Thursday, 12 April 2012
The Villa of the Monsters in Bagheria
This most unusual of Sicilian villas was built in 1715 for the fifth Prince of Palagonia, Don Ferdinando Gravina. The beautiful baroque summer residence owes its notoriety to the Prince’s grandson, Francesco Ferdinando, who commissioned the sculptures and ornate decoration. The gruesome-twosome at the entrance are only a hint of what lies beyond. Having decided to ignore their mocking stare, we passed through the flower-covered gate house and strolled the gravel drive towards the villa’s elegant curves. Aware of an uncanny sensation of being watched, we turned to confront the full menagerie. What bitter phantoms of the mind could have given birth to such a panoply of characters?
Mythology and reality clash to produce disfigured hybrids: a hunched-back gnome grimaces towards a scowling cherub; a periwigged aristocrat bids music from a courtier; a horned dragon with a human face watches as a young noble dances on the head of a gargoyle. The statues line the perimeter wall, but the passage of time has depleted the original number, thought to be over six hundred in total. Theories abound as to why the seventh Prince felt compelled to populate his garden with so many grotesque caricatures.
Francesco Ferdinando may have been railing against Mother Nature who had not blessed him with Hollywood looks. It seems his wife found solace in the arms of more than one lover and the rumour spread that each new sculpture was born of jealousy; a satirical jibe from the cuckolded husband. Prince Gravina has also been portrayed as an eccentric loner obsessed with esoteric pursuits, which would account for some of the more obscure ancient Eastern references in the sculpture. The German writer, Johann Wolfgang Goethe, was convinced the answer to our conundrum lay in madness – a mind that gave free rein to a passion for deformity.
Much of the villa’s legendary fame comes from the accounts of travellers such as Goethe. His classical soul was very scathing of the overwrought sculpture and ornamentation. Patrick Brydone, an English contemporary, was more tolerant of the Prince’s fevered imagination: ‘… a man of immense fortune, who has devoted his whole life to the study of monsters and chimeras, greater and more ridiculous than ever entered into the imagination of the wildest writers of romance or knight errantry.’
Henry Swinburne, the eighteenth century travel writer, was one of the first to note how the softness of the stone would see the Prince’s legacy gradually erode into dust – a fate he was not inclined to lament: ‘I was in a hurry to leave this world of monsters, which almost made me giddy.’ Our modern perspective, saturated with imagery, is more inclined to celebrate the unusual and welcome anyone brave enough to step off the well-trodden path.
During the Prince’s life-time and in the years following, the local women were afraid to look the statues in the eye, fearful that their glance would have unfortunate consequences for any unborn offspring. All deformities at birth were blamed on the evil influence of Francesco’s gargoyles. Prior to Patrick Brydone’s visit, the local government had even given serious consideration to demolishing the statues but, as the writer points out, Gravina was thought to be so inoffensive and charitable that such an action would have broken his heart.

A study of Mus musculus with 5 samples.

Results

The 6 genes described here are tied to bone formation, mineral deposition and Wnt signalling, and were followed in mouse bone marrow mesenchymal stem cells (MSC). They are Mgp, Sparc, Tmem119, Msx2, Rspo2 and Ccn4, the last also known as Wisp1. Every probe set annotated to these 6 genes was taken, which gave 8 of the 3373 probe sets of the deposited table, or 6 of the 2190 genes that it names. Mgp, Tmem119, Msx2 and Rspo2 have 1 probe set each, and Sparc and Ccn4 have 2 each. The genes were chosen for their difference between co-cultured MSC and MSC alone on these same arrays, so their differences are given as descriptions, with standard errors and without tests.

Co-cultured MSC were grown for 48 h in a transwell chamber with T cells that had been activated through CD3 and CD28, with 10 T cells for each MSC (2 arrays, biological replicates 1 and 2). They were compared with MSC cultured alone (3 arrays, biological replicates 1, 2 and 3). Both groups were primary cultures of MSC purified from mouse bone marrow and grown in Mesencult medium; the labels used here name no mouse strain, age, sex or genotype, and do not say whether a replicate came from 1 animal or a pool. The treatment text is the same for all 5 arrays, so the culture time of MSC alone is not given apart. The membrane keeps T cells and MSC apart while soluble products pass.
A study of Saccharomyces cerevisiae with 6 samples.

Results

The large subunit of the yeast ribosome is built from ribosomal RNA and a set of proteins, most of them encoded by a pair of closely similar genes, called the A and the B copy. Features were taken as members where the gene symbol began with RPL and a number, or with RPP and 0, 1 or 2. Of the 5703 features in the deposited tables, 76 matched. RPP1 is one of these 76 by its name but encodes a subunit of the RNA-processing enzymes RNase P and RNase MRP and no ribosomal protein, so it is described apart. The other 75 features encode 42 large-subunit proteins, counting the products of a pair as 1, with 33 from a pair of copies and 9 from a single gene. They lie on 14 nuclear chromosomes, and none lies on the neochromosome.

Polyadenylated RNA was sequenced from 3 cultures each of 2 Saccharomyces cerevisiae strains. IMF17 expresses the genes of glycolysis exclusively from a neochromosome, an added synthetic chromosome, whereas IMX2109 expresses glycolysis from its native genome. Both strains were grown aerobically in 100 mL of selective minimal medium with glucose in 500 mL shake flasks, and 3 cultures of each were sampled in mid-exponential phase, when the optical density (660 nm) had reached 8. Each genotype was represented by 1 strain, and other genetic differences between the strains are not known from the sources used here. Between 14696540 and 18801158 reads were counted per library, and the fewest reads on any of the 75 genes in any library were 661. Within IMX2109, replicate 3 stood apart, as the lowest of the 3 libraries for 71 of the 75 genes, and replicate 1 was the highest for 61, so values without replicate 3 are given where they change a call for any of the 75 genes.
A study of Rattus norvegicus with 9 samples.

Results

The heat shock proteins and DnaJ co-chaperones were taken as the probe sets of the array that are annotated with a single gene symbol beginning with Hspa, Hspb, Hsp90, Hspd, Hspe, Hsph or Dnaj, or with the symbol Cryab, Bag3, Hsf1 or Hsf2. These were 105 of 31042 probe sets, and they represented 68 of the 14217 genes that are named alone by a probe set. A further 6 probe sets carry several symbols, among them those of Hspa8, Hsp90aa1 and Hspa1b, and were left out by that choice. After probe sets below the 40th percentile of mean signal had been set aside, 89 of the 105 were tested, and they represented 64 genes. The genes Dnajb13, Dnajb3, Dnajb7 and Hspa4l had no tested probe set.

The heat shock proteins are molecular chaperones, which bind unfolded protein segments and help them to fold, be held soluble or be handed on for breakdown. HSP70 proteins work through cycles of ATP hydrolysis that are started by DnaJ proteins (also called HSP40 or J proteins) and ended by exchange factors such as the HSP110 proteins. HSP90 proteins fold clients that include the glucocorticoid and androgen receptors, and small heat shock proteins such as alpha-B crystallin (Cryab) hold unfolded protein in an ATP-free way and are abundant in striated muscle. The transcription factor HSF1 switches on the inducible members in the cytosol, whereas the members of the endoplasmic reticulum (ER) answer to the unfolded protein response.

The curse was to strike again many years later in 1948 when the carabinieri were pursuing men associated with the bandit Salvatore Giuliano. Shots were fired into the dark shadows of the Villa’s garden where the men were hiding; daylight revealed that the five-eyed goblin at the entrance was glowering down at the dead body of a policeman.
Leaving behind the statues along the perimeter, we passed a stone bench at the foot of the grand staircase leading to the main entrance of the house. Prince Gravina, forever frozen in time, stares out blankly from the frieze above the bench - a location much favoured by the Magnum photographer, Ferdinando Scianna, whose most famous image of the Argentinean writer, Jorge Luis Borges, was taken on this very spot.
The stairs flank the archway that gave access to horse and carriages, arriving for one of the many balls hosted by the Prince’s wife. They sweep elegantly to a balustraded platform in front of the grandiose doors. A bocca della verità (mouth of truth) gapes forebodingly, hungry to be fed with the anonymous misdemeanours of the local aristocracy!
The vestibule is decorated with trompe l’oeil frescoes depicting the Labours of Hercules and the doorway to the spectacular mirrored ballroom has a sobering message for all who enter, which translates as: See your reflection in the glass and contemplate in its magnificent splendour the image of mortal fragility that it expresses.
Sadly, the glass has been so mottled with age that it’s difficult to contemplate any reflection – the true fragility of time. The ceiling mirrors, however, are still intact and the magnificent marbled walls and floors make it a short leap of the imagination to conjure up the decadent delights of the past. We can even see Francesco Ferdinando huddled in a corner, with a jealous eye on those more favoured in looks and personality. It is still rumoured that his eccentric decoration extended to the furniture; plushly covered seats hid spikes to surprise the unwary.
Hindsight could hail the villa as a surrealist masterpiece worthy of the likes of Dalì. One famous local artist, Renato Guttuso, now buried in the grounds of his own museum in Bagheria, took inspiration from the Prince’s sculptures. Best known in the United Kingdom as the illustrator of Elizabeth David’s Italian Food, he painted one of the archways bedecked with statues looking down on the equally prickly pads of an Indian Fig. His painting is a lasting testimony to our enduring fascination with Francesco Gravina’s imagination.